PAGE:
Biogen sues over 'brazenly' copied aducanumab drug

Biogen biologics plant in Denmark

Biogen has sued Boston-based biotech Creative Biolabs for allegedly selling copycat versions of its unapproved Alzheimer’s disease (AD) hopeful aducanumab.

The drug, a monoclonal antibody, works to inhibit amyloid beta clumps in the brain, which researchers believe (but have so far failed miserably to prove) is a cause of AD.

Biogen was one of a host of biopharmas using this approach but saw poor results in later-stage trials. The Big Biotech, in fact, all but ditched the drug around a year ago before some data dredging saw it come back from the dead with a glimmer of hope it could help a subpopulation of patients.

Biogen is expected to file with the FDA soon on the back of these reworked phase 3 data (though with the spread of COVID-19, drug approval and review timelines are surely now up in the air), with some analysts giving it a shot of an actual nod despite the weak data.

If it did manage to be the first AD drug on the market for more than 15 years, it could theoretically make billions. But according to a filing with a Boston federal court this week, Creative Biolabs is selling illegal copycat versions of its experimental drug, earning Biogen’s ire.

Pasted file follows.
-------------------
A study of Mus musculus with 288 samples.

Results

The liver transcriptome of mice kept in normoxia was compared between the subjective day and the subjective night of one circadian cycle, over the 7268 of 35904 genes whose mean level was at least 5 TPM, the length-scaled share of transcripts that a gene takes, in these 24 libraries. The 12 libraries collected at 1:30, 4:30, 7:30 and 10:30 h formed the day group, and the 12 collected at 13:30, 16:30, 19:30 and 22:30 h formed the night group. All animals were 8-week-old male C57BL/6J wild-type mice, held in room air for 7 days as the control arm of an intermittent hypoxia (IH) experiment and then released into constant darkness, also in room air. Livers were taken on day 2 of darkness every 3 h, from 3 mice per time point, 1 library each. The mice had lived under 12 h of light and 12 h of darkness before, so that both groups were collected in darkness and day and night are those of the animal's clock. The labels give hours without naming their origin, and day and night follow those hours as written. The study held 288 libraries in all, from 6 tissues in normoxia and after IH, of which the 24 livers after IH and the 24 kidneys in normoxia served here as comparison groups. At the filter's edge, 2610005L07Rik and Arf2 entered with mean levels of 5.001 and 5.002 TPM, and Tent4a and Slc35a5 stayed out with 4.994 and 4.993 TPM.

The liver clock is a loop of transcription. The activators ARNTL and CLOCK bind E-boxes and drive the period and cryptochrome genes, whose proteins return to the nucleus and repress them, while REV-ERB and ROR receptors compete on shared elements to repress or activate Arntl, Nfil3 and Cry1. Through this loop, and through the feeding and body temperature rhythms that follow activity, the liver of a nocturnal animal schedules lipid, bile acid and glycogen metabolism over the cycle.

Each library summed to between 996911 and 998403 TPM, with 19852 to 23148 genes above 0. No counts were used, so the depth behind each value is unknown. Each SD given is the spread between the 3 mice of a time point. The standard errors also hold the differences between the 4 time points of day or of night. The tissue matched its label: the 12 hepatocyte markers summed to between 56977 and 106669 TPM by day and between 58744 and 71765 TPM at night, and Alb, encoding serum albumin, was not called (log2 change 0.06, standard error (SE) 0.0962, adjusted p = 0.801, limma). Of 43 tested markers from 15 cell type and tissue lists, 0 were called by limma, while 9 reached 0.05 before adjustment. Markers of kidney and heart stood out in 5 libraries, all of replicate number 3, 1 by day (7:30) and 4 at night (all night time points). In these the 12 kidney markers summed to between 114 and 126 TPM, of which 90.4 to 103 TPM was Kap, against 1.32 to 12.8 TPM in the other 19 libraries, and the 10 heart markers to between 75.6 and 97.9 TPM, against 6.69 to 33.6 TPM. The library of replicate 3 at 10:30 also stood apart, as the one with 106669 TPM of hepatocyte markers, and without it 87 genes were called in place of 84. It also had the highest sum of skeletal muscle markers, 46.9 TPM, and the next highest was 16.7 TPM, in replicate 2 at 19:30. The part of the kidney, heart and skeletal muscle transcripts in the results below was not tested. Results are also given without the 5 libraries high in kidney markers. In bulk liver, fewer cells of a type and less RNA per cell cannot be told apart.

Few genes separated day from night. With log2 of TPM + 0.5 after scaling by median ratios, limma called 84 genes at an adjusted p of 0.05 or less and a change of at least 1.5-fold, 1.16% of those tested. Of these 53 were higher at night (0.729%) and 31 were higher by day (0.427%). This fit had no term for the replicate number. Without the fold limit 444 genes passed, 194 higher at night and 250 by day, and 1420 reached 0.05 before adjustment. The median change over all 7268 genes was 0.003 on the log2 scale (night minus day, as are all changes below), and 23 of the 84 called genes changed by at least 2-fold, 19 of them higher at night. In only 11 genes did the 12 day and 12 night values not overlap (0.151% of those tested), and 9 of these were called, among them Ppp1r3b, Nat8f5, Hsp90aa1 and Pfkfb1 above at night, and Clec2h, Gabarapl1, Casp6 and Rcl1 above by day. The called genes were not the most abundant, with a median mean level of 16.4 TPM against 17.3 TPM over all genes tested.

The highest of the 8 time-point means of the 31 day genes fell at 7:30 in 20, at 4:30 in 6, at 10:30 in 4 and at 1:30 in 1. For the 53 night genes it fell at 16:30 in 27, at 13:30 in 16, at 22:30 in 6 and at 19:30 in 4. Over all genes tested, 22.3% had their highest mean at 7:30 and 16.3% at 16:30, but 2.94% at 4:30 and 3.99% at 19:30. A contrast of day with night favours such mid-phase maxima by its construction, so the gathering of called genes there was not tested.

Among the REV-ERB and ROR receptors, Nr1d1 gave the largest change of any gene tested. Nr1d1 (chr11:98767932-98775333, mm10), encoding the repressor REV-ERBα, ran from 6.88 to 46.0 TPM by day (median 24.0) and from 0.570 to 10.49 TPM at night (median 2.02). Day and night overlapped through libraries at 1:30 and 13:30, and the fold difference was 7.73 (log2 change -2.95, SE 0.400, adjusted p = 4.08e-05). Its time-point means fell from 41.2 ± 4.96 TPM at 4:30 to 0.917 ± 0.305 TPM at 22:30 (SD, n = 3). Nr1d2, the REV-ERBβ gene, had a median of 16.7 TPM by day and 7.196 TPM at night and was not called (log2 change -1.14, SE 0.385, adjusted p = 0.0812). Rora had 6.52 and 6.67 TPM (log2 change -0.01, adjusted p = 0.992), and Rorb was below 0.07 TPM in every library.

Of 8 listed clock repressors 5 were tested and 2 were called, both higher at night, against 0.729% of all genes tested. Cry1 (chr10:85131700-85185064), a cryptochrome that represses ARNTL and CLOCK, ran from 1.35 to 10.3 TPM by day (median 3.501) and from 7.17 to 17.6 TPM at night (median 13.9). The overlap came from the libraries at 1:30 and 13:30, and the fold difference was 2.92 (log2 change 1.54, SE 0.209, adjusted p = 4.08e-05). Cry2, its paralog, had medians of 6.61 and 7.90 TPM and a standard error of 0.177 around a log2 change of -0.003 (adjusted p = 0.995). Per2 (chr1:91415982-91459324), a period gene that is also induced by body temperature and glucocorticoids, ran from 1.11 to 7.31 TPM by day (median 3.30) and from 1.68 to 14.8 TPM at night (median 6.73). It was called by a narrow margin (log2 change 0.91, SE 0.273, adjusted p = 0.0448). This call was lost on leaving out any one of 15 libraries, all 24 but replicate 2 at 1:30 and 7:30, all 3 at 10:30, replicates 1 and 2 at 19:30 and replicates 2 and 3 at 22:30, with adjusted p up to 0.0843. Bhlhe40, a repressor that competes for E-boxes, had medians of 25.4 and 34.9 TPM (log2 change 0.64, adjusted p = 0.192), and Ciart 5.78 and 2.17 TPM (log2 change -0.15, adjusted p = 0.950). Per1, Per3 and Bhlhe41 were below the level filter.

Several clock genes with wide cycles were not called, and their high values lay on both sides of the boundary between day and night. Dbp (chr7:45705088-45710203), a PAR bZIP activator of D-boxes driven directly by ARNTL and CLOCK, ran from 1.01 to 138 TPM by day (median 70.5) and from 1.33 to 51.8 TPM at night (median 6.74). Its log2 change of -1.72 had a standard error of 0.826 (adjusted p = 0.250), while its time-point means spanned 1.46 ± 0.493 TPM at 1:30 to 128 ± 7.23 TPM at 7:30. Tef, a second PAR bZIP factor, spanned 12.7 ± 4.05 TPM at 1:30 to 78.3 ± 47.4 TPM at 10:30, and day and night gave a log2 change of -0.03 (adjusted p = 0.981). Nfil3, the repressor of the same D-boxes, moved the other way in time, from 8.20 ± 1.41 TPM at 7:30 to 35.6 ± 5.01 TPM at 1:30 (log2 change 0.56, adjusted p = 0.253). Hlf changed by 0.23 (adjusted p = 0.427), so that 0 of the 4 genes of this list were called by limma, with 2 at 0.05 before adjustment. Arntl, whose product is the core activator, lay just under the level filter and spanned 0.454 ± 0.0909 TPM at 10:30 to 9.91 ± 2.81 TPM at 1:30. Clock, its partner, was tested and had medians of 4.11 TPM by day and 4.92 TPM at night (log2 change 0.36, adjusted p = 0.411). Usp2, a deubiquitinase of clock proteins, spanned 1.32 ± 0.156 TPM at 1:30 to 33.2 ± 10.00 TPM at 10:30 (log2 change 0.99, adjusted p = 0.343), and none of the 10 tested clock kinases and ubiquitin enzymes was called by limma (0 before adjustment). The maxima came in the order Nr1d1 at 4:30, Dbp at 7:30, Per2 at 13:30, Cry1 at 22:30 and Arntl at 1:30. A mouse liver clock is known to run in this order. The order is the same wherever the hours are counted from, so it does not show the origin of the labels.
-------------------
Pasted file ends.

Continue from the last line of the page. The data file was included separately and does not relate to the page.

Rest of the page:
Creative Biolabs describes itself as an antibody discovery company and as a biopharma services firm.

“Plaintiffs Biogen and UZH [University of Zurich: Biogen licenses a U.S. patent from UZH] bring this action under the federal patent and trademark laws as well as Massachusetts state law to stop Defendant [Creative BioLabs] from unlawfully selling purported copies of an innovative therapeutic antibody for treatment of Alzheimer’s disease developed by Biogen at a cost of hundreds of millions of dollars,” Biogen says in the complaint.  

“Defendant’s willful infringement of Biogen and UZH’s intellectual property rights threatens to cause irreparable injury both to Biogen and to investigators who might mistakenly use Defendant’s unauthorized copycat products in their scientific and clinical research.”

Biogen says that while Creative “touts itself as a biotechnology” company developing novel antibodies, its website “confirms that it is brazenly copying patented commercial products and products in development to offer for sale on its websites.”

Here, the Big Biotech says it advertises and offers to sell aducanumab. “Defendant offers for sale at least numerous aducanumab products on its website, including two for which Defendant lists 'BIIB037' on its website as an alternate name for the product,” despite having no legal right to do so.  

Biogen says there could also be a safety issue, as it’s unlikely Creative uses the “same rigorous manufacturing controls” Biogen does in making the drug and could “pose a likely public health hazard if it were confused with the aducanumab Biogen manufactures for its clinical trials.”

Biogen is seeking an injunction against the sale as well as an infringement of its patent.